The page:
Expecting a baby and planning maternity or parental leave is an exciting time, but it is also important to consider the financial impact that a new arrival can bring. As the cost of living crisis continues, it is now more important than ever that new parents understand how their finances will be affected and what actions they can take.
WEALTH at work, a leading financial wellbeing and retirement specialist, highlights some top tips to help new parents stay in control of their finances:
1. Understand and revise your budget
Taking maternity or parental leave will mean that your income and expenses are set to change, so it’s important to take stock of your finances and revise your budget. Don’t put this off until after the baby is born as understanding your income and outgoings each month will help you understand what you can afford. Calculate all possible sources of income. These could include any maternity or paternity pay you are expecting, your partner’s income, any benefits you will receive and any other sources of income that may apply to you. Then get bank statements and credit card bills to find a full list of expenses. Make sure you include any debt repayments you will be making. If you’ve got any money left over after you’ve paid for everything you have a ‘budget surplus’. If you’re spending more money than you’ve got coming in you have a ‘budget deficit’. If you have a deficit, it could be a good idea to look at your spending and find any areas you can cut back. If you have a surplus consider saving these funds or ensure any debt-incurring interest is paid off.
Statutory maternity pay (SMP) is 90% of your average weekly earnings (before tax) for the first 6 weeks and £156.66 or 90% of your average weekly earnings (whichever is lower) for the following 33 weeks. It is paid in the same way as your wages (e.g. monthly or weekly) and Tax and National Insurance is deducted. You are eligible if you earn on average at least £120 a week, give the correct notice, give proof you are pregnant and have worked for your employer continuously for at least 26 weeks continuing into the ‘qualifying week’ – the 15th week before the expected week of childbirth. Many companies offer enhanced maternity pay, so speak to your employer to find out what is available.
2. Plan for one off expenses
Once you have planned your monthly budget, start to plan how you will pay for one off expenses. A new cot can cost anywhere between £70 – £1000, whilst the average cost is £130. The average cost of a new pushchair is £340, however, these can cost over £2,000. The average cost of a car seat is £120, although these can cost up to £500.
Find out if family and friends will let you buy or borrow any items? Do you have savings to use for these one-off expenses, or will you be able to pay for them from your income? According to Liverpool Victoria, the average cost of raising a child in the first year is £11,498, therefore it’s important to plan ahead. Money Helper has a Baby Cost Calculator to help you find out how much you might need to cover your baby’s expenses.
3. Statutory shared parental leave
Parental leave allows parents to share time off after having a baby. Eligible couples will get up to 39 weeks of shared parental pay. Up to 52 weeks can be taken, but it must be used before the child turns one years old. If you are planning to share paternity leave, the mother (or primary parent for adoption/surrogacy) will need to end maternity leave (adoption/surrogacy leave) in order for the other parent to start paid parental leave.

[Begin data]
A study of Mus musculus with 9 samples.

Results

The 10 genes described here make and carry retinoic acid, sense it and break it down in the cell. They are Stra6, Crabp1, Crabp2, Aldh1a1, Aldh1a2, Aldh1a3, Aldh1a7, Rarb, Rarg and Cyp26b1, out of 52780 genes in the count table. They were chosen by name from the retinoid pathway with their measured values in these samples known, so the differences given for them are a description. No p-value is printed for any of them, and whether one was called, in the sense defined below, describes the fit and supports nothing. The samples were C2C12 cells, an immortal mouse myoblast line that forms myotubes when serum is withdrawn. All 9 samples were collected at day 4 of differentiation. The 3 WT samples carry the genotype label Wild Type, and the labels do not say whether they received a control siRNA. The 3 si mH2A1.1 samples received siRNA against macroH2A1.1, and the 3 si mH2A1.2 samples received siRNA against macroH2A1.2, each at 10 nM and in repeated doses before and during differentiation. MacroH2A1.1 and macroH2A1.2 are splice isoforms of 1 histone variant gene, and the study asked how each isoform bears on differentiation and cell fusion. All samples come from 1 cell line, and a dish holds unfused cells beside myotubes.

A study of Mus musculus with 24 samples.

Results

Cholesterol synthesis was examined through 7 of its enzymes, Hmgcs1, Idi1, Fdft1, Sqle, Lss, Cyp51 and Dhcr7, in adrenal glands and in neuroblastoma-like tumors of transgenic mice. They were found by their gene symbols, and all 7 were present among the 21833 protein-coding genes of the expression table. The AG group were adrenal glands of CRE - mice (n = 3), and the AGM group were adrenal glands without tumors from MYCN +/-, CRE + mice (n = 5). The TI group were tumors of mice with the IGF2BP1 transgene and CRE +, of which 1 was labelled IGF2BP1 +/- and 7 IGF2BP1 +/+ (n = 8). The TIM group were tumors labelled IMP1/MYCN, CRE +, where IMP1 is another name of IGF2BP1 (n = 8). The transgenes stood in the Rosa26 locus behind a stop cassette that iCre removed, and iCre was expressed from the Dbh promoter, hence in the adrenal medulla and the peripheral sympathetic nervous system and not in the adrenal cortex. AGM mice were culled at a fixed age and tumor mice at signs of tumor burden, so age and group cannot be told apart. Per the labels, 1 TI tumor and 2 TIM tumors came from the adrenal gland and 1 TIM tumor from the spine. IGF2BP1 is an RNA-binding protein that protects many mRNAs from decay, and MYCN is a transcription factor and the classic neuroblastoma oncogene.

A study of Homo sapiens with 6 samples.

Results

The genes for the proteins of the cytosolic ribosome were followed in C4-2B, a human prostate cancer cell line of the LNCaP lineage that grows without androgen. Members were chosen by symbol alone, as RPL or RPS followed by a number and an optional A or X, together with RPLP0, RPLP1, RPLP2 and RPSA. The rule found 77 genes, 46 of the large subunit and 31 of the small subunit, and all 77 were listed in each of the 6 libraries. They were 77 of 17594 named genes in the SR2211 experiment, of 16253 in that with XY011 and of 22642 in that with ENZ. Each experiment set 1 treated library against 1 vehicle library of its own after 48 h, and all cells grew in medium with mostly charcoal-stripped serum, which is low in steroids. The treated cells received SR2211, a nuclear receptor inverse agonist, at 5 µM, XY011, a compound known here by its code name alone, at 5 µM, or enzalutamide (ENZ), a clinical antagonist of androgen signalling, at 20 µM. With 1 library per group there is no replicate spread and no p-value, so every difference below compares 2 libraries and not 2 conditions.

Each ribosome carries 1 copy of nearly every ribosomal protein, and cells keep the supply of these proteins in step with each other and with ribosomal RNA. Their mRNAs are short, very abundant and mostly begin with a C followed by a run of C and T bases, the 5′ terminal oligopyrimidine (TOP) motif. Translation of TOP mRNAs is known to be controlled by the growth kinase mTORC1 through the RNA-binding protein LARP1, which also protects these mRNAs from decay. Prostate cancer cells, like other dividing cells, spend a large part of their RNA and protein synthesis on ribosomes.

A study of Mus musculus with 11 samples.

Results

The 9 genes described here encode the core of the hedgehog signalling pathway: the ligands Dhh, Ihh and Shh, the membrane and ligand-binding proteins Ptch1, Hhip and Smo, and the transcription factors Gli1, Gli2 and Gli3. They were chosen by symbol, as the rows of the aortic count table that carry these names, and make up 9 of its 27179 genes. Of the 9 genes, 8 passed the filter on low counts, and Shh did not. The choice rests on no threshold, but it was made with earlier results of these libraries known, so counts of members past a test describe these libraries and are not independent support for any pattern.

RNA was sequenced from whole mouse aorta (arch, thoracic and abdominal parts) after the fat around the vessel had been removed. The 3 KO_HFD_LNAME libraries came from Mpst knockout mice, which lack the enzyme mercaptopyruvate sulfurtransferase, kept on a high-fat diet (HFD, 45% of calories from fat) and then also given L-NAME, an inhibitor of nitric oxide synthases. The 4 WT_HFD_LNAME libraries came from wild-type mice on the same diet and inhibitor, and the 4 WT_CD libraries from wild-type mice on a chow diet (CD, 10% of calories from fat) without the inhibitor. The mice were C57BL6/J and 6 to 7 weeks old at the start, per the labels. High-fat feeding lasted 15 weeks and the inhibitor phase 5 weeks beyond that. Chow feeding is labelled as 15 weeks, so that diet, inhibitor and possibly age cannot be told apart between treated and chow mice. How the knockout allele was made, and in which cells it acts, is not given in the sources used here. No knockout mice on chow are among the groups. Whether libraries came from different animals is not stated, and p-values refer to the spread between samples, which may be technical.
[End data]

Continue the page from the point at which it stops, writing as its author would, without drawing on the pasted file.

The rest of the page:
Employees who were eligible for annual leave and workplace pension contributions will continue to accrue these whilst on parental leave.
Ensure you register for child benefits as you can receive £1133.60 per year for your first child, and £751.40 per year for further children. If either you or your partner earn over £50,000, you have to repay 1% of child benefit for every £100 that annual income exceeds £50,000. If you or your partner earn over £60,000, you won’t be eligible for child benefit. However, you should still opt to receive entitlements, but not payment, as if you don’t claim you may miss out on National Insurance credit for your state pension, and it will also ensure your child is automatically issued with a National Insurance number before their 16th birthday.
5. Returning to work
Keeping in touch (“KIT”) days may include training, offsite/team meetings or meetings to discuss returning to work and you will receive full pay for these days. Try to agree in advance with your manager when you think these will be. On returning to work, employees are entitled to return to the job in which they were employed. Any changes to hours or working days are agreed on an individual basis.
If you are hoping to reduce your hours when you return, make sure that you understand the impact on your net income. For example, someone earning £50,000 for 5 days a week would have a monthly net salary of £3,169. If they reduce their days to 4 days per week, their reduced gross salary would be £40,000 and a net monthly salary of £2,602*
Jonathan Watts-Lay, Director, WEALTH at work, comments; “As with all major life events, whether it be parental leave, buying a house, or retirement, it is important to face up to the reality of the situation as soon as possible, and put a plan in place of how you are going to pay for it. Spending time with your new family will be much easier if you know where you stand, rather than trying to understand what you can and can’t afford to buy whilst caring for your newborn. Your workplace can be a good source of information and support to help you understand your financial situation before and during any period of parental leave, so it’s always worth speaking to them for some guidance.”